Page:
Laurenne Mansbridge

03 November 2020


Here at Pioneer Expeditions we have been contacting our partners to find out how destinations have been coping during these unprecedented times. We thought you may be interested in hearing what it is really like on the ground in some of your favourite countries rather than just touching the surface.  Some are faring better than others (either in respect of Covid19 control, or financially), but all struggling in different ways. We felt it necessary to do more than just touch the surface. We want to portray details at a more personal level – in order to gain more in-depth insights.


This blog is based on words written by Jan who runs Vapues, our partners in Nicaragua.


Jan, Vapues

Nicaragua officially reopened its borders to tourism on July 14th 2020.


Visitors from all countries are welcome!

Our partners are currently looking to support their guides and drivers. Their talented and loyal operational staff have been inactive all this time and together can look forward to start operating again. Tourists are welcomed as long as they follow and adhere to all Covid measurements and requirements as listed below:


Covid measures to ensure travel to Nicaragua (as of 3rd November 2020):

  • Not to travel if persons are showing symptoms.
  • There is currently a requirement to have a negative COVID-19 certificate (you should not use the NHS testing service to get a test in order to facilitate your travel to another country. You should arrange to take a private test).

When in Nicaragua visitors must (as of 3rd November 2020):

  • Avoid greeting with physical contact
  • Wear face coverings or a mask whenever necessary (transfers and tours, banks and public areas)
  • Keep a social distance
  • Thoroughly wash hands

What has life been like in Nicaragua over the past few months?

As many will agree, life has been challenging. Economies have come to a standstill and especially the tourism sector. Jan stated to us that; “many of our dear colleagues and service providers have had to look for alternative income in order to take care of their families. Unemployment has risen significantly over the past few months”. The effects have been devastating to a lot of people and continues to take a toll on people’s wellbeing and outlook on life at the moment. There is a huge level of uncertainty around.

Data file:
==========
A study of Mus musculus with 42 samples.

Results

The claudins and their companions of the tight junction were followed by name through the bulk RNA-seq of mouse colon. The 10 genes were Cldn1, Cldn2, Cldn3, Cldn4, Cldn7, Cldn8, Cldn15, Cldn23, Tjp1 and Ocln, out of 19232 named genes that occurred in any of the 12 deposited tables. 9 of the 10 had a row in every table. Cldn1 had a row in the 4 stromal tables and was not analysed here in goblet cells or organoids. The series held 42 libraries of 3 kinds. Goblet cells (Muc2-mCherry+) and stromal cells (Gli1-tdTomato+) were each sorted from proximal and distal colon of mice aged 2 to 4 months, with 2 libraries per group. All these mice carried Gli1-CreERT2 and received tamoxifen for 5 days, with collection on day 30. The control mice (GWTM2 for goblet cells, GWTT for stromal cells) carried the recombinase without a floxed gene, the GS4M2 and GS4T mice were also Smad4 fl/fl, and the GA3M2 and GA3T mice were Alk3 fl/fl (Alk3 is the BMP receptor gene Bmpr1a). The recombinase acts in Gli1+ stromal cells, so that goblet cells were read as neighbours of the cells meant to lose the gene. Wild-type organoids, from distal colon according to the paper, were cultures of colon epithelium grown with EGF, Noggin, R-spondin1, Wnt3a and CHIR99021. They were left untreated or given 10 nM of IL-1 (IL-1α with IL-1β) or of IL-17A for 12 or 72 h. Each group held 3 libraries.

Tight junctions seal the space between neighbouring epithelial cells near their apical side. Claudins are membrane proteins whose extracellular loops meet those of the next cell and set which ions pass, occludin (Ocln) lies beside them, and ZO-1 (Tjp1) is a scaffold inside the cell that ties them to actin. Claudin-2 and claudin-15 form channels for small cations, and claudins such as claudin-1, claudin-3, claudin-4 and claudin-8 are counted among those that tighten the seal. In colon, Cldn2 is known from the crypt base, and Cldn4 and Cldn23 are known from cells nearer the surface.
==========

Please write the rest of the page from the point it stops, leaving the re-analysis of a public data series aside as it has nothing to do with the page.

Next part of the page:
In addition to this, there has also been a large impact on the public health in Nicaragua. During the height of Covid-19 hospitals and other medical facilities were overwhelmed and people were unsure on what to do next. However, infection numbers have decreased now and people are now able to go out again – ensuring that social distancing and other Covid measures are practiced.


 “In Nicaragua there was no official lockdown put in motion. However, most Nicaraguans adopted best practices such as social distancing, wearing of face masks/coverings and have adopted home office working. Altogether this has been a difficult period. Socially, good friends and colleagues were all of a sudden not able to see each other like they used to which can also have a detrimental effect on people’s spirits and wellbeing’s”. – Jan.


Covid-19 has been devastating to the tourism industry, therefore to our partners too. Unemployment has soared and companies have had no other choice but to let people go in order to survive as a company. Also, “many of our service providers, such as transportation companies and hoteliers have had to close shop – some permanently, others temporary”. There are hopes that when tourists begin to come to Nicaragua again, businesses will open again, slowly but surely and start hiring again.


We asked the question of ‘do you feel Covid has affected certain areas of tourism more’ and Jan responded with; “yes, guides and drivers are disproportionally affected and have had to actively search for alternative livelihoods”. A large majority of people in Nicaragua have spent their whole lives working in a particular field of employment. However, due to the Covid pandemic are being forced into unemployment with the search for a new job becoming increasingly difficult. Retraining or gaining new employment in a different or new field of employment can be difficult for people – and sometimes may not even be an option.


Nicaragua is open to tourists, it never fully closed during the ‘lockdown’ period that most countries experienced. International airlines stopped flying in, so there haven’t been any international visitors since March. Nicaragua does not have any requirements in terms of quarantine however a negative PCR test is required upon arrival (no older than 72 hours). In some public places such as banks, social distancing, face masks and regular sanitizing rules are required to be followed by visitors. Airlines are planning to start flying again, bit by bit, which will enable tourism companies to start welcoming guests and clients again. Although there aren’t many international tourists to Nicaragua at the moment, numbers are in the lower single digits – however companies are looking forward to these numbers increasing and flights getting called up.


Team at Vapues

Nature and the environment has had an opportunity to begin to flourish again due to less people visiting.


Although this pandemic has been devastating on a socio-economic level, the tourist experience is once again very authentic. Travelers to Nicaragua would more or less have the country to themselves and would encounter and experience authenticity and gratitude wherever they go – very appealing don’t you agree?